While I no longer am a member of the SBL, occassionally somebody there will forward something to me from there to ask my opinion about it.
And that leads to today’s topic.
The story is that a guy was eating lunch, barefoot, with some friends in a restaurant when the manager comes up to him and calls him out about it.
Our Hero asks why, and is told “liability.” So he offers to sign a waiver. Nope. Because, he was countered, it’s against the Health Code.
He then explained that it wasn’t against the Health Code at all, and the restaurant manager switched to the usual, “It’s our policy.” So our hero went and got flip-flops.
What got the situation into my hands for an opinion was what happened afterwards.
It turned out that one of the guys he was eating with owned a pub, so Our Hero asked if he could eat at that pub barefoot.
And he got the same littany: “Health Code”. After that, “If you were injured, you could sue me.” And Our Hero said no, that the Georgia Supreme Court had ruled in a case involving a barefoot customer in a Kroger who had cut their foot, and that if the customer could have reasonably prevented the injury, Kroger wasn’t liable.
I have a few problems with this.
First, that doesn’t mean a business cannot be sued. A business can always be sued, for any reason, even stupid ones. You can sue them for having apples you think are too green. Of course, the case will be immediately tossed, but you still had the expense and bother of hiring lawyers to get it tossed.
Regarding liability, Our Hero is probably referring to the principle of contributory negligence, which applies, one way or another, in most states. That principle basically says that if the customer was more than 50% responsible for their injury, they collect nothing. And if they were partly responsible (but still less than 50%), the reward gets reduced by the amount of that responsibility. For instance, if the jury found the barefooter 20% responsible, and reward would be reduced 20%.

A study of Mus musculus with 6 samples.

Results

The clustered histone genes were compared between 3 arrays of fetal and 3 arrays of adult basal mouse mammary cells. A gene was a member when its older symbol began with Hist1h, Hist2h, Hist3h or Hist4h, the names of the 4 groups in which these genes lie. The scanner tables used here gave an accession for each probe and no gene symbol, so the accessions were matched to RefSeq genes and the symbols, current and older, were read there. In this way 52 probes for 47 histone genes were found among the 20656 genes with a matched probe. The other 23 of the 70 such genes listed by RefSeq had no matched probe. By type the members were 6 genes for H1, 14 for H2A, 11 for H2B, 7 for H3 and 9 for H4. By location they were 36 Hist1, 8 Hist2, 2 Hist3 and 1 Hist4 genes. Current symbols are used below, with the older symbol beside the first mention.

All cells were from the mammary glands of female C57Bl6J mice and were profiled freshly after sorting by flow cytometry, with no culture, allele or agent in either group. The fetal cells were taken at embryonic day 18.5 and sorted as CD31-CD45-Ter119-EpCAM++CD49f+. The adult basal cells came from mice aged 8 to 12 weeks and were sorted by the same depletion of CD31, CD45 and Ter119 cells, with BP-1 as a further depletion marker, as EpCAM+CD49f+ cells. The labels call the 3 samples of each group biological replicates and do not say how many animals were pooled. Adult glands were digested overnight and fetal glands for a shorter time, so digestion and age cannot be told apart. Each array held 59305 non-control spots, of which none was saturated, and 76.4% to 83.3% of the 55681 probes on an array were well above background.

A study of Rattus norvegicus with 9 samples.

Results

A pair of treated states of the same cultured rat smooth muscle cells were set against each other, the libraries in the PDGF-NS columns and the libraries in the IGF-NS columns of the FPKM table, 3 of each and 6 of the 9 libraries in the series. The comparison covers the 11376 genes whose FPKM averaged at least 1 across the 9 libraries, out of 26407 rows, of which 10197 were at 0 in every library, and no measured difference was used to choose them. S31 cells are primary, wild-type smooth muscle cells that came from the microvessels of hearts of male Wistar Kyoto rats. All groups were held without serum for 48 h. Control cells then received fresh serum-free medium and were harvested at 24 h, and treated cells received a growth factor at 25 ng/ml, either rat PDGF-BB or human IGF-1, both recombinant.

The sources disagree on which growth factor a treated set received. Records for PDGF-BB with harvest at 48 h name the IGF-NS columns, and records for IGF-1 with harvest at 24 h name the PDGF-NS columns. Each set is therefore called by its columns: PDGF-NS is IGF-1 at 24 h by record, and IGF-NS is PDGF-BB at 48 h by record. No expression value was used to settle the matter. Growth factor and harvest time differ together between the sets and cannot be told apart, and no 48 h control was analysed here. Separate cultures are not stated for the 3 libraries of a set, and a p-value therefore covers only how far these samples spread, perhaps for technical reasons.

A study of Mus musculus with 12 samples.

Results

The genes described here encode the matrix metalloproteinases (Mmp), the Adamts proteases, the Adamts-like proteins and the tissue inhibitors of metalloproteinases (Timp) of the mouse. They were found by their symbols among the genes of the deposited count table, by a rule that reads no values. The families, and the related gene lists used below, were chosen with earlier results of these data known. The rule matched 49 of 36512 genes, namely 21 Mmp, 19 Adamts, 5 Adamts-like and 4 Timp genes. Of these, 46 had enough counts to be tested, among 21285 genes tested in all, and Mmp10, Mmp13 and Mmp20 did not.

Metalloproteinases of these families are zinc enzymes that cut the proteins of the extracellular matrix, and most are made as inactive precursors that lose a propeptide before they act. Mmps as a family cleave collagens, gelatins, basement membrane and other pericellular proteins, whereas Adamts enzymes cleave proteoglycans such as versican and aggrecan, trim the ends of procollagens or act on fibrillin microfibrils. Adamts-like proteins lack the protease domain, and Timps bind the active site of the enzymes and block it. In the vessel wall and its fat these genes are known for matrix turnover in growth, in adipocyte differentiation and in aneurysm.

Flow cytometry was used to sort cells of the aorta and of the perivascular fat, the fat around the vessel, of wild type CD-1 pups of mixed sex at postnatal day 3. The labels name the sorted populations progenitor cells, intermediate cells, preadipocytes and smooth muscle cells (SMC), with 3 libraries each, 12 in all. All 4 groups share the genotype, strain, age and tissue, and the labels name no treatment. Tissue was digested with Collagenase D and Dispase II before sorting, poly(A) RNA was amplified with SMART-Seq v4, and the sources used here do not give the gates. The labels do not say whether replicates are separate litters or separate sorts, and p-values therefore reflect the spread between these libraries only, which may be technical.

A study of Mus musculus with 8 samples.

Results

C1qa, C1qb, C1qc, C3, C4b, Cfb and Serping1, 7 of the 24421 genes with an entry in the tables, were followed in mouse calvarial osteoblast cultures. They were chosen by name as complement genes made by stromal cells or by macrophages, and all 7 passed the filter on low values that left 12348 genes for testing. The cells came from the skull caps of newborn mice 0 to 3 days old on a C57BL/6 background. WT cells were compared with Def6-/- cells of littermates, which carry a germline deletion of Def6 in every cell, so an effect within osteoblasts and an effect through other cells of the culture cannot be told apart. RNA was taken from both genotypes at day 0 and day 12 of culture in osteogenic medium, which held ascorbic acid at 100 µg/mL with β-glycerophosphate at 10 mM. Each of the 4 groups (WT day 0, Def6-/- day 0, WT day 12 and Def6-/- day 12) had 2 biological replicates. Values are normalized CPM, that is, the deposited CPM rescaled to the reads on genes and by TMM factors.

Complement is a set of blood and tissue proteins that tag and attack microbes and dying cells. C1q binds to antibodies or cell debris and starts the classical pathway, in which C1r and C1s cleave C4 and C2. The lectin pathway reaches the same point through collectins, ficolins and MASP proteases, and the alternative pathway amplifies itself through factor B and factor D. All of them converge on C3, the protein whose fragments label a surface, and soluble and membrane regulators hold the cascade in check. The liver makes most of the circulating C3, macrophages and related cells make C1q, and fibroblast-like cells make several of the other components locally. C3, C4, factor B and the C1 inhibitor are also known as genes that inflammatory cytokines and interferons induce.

So, it does not mean that the restaurant could not be sued. In most cases there would have to be a trial that went to a jury to determine how liable the store was (and how responsible the barefoot customer was).
No, the real issue here, I think, is that I doubt there is a jury in the world that would award anything to a barefooter. Furthermore, if you look at accident statistics, what are really dangerous in stores and restaurants are high heels and flip-flops. Those account for a huge proportion of slip-and-fall injuries. Yet we never see a business banning them while spouting liability nonsense. What should be pointed out is that there is no good business reason for banning a barefooter, and that they are buying into some myth of barefoot lawsuits.
But there is one more issue here that I really need to highlight.
There is no such Barefoot v. Kroger case.
I did an extensive search in a legal database looking for it, or something that came close. There is nothing in Georgia with such a barefoot injury in any grocery store. There is nothing regarding Kroger nationwide. It simply does not exist.
Now, I don’t know if Our Hero really thought such a ruling existed, or if he made it up on the spot. But either way, it makes me very uncomfortable.
We are often the victims of people making up crap, from barefoot driving to health codes to liability. A lot of it comes because people don’t bother to take the care to get things right, and they rest upon their arrogance.
As far as I’m concerned, we must be above that. Suppose the other restaurant owner, who knows a lot of people, happens to ask a lawyer about it. That lawyer also will see that no such case exists and will tell the restaurant owner. And the restaurant owner will start to think that barefooters cannot be trusted and will say any old thing to get into and stay in a store.
I think we must be held to a high standard, and we have to get our facts right. Otherwise, we have nothing to complain about when others don’t, to our detriment.